After getting my serious pizza fix on yesterday at Antico Pizza Napoletana, it seemed only right to revisit Varasano’s Pizzeria — the restaurant that, when it opened eight months ago, set off a new dialogue in this city.
At that time, Fritti had reengineered its Neapolitan-style pizza and gave diners a compare-and-contrast experience that some brilliant person online labelled the “Atlanta Pizza Wars.”
These days it seems the battle lines have been drawn closer to the Antico/Varasano’s front.
But rather than call a winner, I find it much more interesting to consider the two on their own merits.
Antico’s Giovanni di Palma learned his trade apprenticing in some of the most famous pizzerias in Naples. He is a traditionalist in that he uses only the true ingredients (Type “00″ flour, San Marzano tomatoes) for a real Neapolitan pizza. His crusts emerge from his wood-fired ovens smoky, charred, stretchy, crisp on the edges and a little puddly in the center. The flavors are fresh and gorgeous. These are true Neapolitan pizzas.
Di Palma cooks from the heart, and his makeshift prep kitchen/pizzeria seems filled with life and good cheer. This is the real version of Italian spirit that the Buca di Beppo chain has replicated throughout the country.
If di Palma cooks from the heart, then Varasano cooks from the head. A software engineer by trade, Varasano got into the pizza business after spending years experimenting at home — a quest that earned him great Internet fame and led me to write this story, which appeared on the front page of the AJC.
Varasano cares not at all for the old-school traditions of Neapolitan pizza. He will use whatever flour works best, devise recipes no Italian would recognize (Emmentaler cheese, anyone?) and commit what some see as the ultimate pizza sin: he doesn’t use a wood-fired oven. Rather, he has a custom-built electric deck oven that keeps the temperature above the pizza 100 degrees more than the temperature below it. This, he thinks, is the key.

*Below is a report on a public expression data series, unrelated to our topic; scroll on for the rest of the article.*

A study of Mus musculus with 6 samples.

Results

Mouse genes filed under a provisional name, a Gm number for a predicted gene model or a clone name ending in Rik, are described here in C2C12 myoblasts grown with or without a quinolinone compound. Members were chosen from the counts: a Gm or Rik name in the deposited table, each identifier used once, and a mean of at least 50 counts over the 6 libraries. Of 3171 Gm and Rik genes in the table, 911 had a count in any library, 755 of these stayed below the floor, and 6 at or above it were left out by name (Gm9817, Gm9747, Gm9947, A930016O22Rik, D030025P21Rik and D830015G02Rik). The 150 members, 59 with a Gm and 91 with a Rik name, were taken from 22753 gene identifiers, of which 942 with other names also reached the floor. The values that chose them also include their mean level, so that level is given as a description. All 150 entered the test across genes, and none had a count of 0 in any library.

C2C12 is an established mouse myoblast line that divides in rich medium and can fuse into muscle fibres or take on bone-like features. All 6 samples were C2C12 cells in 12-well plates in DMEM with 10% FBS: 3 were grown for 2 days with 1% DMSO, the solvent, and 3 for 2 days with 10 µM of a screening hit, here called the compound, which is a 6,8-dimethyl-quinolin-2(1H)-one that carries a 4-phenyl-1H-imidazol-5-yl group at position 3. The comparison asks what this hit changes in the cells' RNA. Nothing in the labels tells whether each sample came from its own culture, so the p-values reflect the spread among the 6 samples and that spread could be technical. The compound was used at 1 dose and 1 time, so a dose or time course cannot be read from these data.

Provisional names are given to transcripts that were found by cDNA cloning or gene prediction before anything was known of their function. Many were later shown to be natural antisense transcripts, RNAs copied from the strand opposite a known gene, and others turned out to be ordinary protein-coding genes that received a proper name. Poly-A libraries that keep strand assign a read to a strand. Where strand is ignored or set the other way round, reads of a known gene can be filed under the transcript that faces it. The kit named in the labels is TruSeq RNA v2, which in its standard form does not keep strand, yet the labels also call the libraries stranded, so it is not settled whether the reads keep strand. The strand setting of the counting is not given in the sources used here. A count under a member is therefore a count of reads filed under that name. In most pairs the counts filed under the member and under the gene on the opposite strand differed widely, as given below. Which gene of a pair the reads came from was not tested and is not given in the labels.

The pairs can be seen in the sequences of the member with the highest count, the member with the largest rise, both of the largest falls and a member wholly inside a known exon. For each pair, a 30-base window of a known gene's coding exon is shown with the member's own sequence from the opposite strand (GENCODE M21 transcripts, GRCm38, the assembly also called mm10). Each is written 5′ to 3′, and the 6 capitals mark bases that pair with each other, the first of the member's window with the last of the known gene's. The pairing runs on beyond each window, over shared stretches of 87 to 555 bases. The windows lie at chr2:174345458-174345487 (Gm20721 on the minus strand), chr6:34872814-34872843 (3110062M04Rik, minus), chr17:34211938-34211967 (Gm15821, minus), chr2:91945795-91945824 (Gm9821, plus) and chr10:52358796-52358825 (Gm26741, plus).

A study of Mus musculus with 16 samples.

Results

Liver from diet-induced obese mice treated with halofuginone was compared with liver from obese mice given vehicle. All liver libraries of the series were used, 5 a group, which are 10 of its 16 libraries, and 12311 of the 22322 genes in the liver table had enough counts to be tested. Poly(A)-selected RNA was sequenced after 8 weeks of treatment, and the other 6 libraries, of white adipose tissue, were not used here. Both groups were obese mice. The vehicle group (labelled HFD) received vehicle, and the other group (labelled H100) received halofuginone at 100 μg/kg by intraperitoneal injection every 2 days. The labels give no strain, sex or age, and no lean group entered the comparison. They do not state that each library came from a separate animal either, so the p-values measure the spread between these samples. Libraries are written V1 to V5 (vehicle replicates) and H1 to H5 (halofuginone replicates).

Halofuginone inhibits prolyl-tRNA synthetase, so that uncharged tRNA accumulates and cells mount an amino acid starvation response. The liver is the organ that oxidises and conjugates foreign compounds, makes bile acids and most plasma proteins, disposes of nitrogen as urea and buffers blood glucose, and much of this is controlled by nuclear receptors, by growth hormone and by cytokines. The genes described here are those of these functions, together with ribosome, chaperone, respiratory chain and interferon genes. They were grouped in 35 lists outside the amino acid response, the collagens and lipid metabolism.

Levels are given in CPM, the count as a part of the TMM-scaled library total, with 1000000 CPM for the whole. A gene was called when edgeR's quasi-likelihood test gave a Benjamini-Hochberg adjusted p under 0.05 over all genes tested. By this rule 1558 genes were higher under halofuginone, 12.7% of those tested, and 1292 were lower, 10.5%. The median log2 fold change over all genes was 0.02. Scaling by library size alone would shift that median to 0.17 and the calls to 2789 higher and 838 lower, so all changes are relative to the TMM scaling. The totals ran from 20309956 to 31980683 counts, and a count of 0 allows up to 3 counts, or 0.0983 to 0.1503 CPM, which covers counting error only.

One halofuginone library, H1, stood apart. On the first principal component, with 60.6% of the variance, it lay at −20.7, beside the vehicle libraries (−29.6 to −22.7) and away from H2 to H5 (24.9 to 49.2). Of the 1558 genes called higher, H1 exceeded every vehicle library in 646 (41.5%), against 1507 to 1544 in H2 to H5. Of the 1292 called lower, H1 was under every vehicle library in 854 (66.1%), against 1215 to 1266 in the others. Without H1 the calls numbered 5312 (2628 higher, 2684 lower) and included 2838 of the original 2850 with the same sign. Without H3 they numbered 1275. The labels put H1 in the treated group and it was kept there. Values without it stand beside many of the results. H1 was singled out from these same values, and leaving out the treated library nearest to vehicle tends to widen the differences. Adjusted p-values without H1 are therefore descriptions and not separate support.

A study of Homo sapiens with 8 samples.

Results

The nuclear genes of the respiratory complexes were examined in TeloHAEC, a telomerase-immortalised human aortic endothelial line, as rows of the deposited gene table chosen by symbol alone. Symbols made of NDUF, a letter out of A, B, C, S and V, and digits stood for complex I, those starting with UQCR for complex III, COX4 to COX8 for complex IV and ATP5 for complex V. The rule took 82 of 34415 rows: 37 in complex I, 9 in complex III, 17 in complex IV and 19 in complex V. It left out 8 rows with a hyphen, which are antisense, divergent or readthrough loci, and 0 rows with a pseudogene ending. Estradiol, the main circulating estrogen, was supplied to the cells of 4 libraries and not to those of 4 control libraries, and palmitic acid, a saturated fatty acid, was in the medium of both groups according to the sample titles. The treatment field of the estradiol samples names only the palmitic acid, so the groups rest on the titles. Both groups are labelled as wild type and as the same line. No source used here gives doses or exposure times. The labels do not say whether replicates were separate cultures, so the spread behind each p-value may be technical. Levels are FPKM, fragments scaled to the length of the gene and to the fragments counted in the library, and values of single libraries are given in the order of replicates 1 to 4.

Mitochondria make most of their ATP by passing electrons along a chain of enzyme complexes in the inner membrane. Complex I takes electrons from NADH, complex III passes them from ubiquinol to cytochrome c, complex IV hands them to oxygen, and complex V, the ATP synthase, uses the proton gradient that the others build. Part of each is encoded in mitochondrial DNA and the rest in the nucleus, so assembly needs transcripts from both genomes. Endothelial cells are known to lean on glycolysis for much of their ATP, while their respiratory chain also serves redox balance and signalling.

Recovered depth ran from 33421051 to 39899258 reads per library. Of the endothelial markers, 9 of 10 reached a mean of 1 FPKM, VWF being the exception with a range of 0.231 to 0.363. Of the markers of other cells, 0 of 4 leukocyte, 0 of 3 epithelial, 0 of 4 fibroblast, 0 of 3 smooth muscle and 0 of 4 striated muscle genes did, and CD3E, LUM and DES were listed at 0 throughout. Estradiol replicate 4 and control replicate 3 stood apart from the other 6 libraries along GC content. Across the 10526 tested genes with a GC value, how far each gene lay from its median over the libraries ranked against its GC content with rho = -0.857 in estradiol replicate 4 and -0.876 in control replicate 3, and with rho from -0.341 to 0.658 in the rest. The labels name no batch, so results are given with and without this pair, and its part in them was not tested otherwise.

Because, for Varasano, it’s all about the crust. This man lives for a Platonic ideal of crust that is thin, light, well puffed and yet absolutely crisp on the bottom.
As Varasano has learned, cooking hundreds of pies in a restaurant every night is very different from making a dozen for a dinner party at his house.
Some night, the scores of variables that can affect the dough work in his favor, and his crust comes close to what he wants. Other nights it doesn’t have enough puff, or it goes soggy in the center. Soggy, for a Varasano’s pie, is failure. On at least two occasions, Varasano was so unhappy with his crust that he gave everyone in the dining room gift certificates and asked them to leave.
The restaurant doesn’t have anything like the funky, makeshift heart of Antico. It’s all chilly tile, shiny plate windows, granite surfaces. Antico serves only pizzas and pastries. Varasano’s must play at being more of a full-service restaurant, so there are some serviceable salads, cocktails and desserts.
I’ve been many times and had all manners of pizza at Varasano’s, from small miracles to limp-centered also rans. On this last visit (the pies are pictured above), the crusts were thin and gorgeously crisp on the bottom, but not as well raised as they have been in the past. Still, I was very happy to eat this pizza. Varasano, making the rounds, said he was disappointed with the crusts that day, though he has been generally happy with them over the past two months.
That is Varasano’s fate. He is a scientist, and he will see a thousand variables that can change his pizza crust, and he will never be able to control all of them. As he battles the demons of inconsistency, he will give this city a lot of remarkable pizza.
I’m glad we have our two passionate pizzaiolos in Atlanta — the one who cooks from the heart, and the other who cooks from the head. We’re a far better city for their efforts.